Departure control is a combination of very simple principles.   These include calculating the weight of the passenger, their baggage and the cabin baggage; allocating a seat (if required) to that passenger and thirdly ensuring the aircraft is balanced correctly.

Taking these three elements together is basically departure control.   In the early days of avaiation, it was done simply with pen and paper, but today all of this is computerised.

Let’s go back a few generations to pen and paper and we can explain the concept in more detail.Our first assumption is we know the type of aircraft flying our route; i.e. the number of seats and seating plan.

In those by-gone years a passenger arrived at check and the agent usually pulled a paper coupon ticket.   She would mention this to load control (I’ll come back this later) that she had one female for the flight with a bag.    At this stage the passenger was checked in with a boarding card and the coupon was taken in return.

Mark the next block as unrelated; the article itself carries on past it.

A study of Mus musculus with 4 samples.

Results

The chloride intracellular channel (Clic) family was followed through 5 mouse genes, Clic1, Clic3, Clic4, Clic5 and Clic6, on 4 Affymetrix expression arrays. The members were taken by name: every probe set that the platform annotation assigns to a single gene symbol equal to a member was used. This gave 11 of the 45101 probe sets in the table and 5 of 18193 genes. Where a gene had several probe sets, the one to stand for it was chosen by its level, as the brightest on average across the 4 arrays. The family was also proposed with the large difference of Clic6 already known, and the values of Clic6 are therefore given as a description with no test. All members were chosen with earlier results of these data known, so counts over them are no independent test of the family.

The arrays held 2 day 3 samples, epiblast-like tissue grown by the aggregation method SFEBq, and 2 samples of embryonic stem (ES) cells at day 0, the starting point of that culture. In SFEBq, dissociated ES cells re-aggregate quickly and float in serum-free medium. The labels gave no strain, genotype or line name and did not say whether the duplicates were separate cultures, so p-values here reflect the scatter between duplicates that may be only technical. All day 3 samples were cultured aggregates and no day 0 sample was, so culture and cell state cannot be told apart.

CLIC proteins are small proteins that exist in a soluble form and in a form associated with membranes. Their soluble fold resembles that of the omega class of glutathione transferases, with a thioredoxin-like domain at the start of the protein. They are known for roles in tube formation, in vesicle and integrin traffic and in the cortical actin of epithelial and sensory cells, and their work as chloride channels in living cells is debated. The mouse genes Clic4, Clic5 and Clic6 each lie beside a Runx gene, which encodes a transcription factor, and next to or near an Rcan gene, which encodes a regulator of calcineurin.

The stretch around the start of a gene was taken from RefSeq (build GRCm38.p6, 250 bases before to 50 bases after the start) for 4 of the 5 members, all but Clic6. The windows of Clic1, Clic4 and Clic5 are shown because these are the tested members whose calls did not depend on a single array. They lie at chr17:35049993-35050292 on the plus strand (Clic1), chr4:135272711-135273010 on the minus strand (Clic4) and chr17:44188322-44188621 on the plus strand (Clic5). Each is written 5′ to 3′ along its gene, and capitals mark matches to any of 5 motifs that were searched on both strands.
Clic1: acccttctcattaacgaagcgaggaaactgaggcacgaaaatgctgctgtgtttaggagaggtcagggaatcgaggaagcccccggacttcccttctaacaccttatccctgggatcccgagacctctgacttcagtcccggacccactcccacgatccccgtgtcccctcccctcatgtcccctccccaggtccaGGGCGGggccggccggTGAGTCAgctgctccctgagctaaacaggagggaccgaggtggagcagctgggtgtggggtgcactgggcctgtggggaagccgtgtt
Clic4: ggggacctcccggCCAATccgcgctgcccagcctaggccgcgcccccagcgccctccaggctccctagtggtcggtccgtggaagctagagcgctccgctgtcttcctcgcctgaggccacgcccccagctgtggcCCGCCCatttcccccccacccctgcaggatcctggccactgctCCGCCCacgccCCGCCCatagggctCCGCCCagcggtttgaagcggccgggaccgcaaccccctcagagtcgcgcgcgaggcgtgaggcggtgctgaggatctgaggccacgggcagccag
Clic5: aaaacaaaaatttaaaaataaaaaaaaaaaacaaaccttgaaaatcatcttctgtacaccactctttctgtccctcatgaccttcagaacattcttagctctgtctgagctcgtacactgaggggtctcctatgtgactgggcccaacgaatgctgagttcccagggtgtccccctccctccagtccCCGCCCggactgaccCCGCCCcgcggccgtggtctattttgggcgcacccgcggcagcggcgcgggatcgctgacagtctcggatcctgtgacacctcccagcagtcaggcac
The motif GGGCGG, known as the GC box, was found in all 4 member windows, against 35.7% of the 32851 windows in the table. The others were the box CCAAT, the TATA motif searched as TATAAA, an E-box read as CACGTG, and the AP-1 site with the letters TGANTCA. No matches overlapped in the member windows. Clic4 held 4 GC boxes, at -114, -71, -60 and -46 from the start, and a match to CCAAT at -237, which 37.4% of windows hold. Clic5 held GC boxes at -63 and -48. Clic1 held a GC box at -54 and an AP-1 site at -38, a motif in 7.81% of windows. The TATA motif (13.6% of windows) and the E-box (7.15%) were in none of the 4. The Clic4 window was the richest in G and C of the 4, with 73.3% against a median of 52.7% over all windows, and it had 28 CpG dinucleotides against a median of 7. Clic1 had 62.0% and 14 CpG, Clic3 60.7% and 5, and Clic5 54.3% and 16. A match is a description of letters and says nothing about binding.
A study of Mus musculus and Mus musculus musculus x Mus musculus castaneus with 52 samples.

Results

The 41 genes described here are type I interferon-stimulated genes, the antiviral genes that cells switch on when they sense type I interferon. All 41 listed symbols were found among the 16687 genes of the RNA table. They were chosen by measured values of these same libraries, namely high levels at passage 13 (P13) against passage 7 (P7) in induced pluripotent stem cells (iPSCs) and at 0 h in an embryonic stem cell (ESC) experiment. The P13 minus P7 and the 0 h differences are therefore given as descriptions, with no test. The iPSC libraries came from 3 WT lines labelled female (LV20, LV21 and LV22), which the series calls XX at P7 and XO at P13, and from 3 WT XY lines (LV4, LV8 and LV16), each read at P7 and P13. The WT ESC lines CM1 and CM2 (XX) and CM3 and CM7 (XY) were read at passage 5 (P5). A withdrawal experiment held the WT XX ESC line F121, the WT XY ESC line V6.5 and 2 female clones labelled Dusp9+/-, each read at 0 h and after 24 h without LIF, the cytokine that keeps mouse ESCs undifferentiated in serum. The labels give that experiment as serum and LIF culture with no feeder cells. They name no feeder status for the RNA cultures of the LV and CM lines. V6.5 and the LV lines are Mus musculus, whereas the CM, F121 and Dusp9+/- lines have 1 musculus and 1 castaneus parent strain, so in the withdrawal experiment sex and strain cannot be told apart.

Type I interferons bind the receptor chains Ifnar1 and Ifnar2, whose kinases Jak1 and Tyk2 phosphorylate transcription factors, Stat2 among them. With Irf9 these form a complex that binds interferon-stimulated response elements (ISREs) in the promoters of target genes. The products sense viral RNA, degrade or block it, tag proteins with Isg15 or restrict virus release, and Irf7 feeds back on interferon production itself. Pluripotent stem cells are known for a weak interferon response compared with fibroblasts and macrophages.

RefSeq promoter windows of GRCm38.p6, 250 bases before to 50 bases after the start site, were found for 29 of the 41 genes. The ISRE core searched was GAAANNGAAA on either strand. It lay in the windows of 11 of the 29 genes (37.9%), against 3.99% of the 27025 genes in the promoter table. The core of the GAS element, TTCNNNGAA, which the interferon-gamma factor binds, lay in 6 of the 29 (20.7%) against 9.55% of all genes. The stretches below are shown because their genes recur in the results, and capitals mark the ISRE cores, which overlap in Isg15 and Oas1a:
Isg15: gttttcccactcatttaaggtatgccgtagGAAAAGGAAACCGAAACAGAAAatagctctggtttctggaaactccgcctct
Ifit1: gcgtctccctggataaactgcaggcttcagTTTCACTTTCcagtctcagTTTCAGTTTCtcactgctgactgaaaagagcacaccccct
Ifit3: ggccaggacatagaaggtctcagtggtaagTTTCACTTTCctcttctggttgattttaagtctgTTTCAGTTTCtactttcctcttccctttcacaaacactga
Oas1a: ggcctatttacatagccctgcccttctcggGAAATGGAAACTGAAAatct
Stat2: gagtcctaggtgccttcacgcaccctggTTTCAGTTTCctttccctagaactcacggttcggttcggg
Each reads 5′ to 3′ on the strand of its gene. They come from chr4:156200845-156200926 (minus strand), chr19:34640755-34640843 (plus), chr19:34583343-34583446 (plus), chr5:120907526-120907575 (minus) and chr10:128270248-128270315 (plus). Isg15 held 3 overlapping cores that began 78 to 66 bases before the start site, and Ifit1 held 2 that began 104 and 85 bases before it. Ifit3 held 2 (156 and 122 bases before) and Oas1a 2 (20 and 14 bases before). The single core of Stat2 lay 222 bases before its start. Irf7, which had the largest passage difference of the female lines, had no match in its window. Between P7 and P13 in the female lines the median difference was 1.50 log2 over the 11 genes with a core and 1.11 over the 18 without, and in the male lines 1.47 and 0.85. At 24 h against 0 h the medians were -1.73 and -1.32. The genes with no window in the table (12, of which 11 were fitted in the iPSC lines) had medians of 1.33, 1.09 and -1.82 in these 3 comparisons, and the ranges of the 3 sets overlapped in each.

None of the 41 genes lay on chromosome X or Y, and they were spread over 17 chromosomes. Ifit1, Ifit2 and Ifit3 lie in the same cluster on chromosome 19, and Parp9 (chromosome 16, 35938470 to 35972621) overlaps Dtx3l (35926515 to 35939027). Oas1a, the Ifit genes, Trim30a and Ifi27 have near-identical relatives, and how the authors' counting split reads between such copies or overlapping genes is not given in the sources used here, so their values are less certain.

In load control, the passenger (a female plus bag) would be translated into a weight; normally 68kgs for the woman and 12kgs for the bag.  (Mind these days the weights given by computer are a lot more generous).   Essentially the whole flight was calculated this way and eventually load control would have the weight calculated for the whole flight.

The next stage was for loadcontrol to ensure the weights of the passengers, cargo, fuel and others items on the aircraft did not exceed the manufactures limitations.   This was calculated manually.   In addition the load controllers had to ensure the aircraft was balanced correctly (i.e. putting the bags and cargo in the right holds).   If this was not done correctly the aircraft could have difficulties taking off or at the very least buring too much fuel.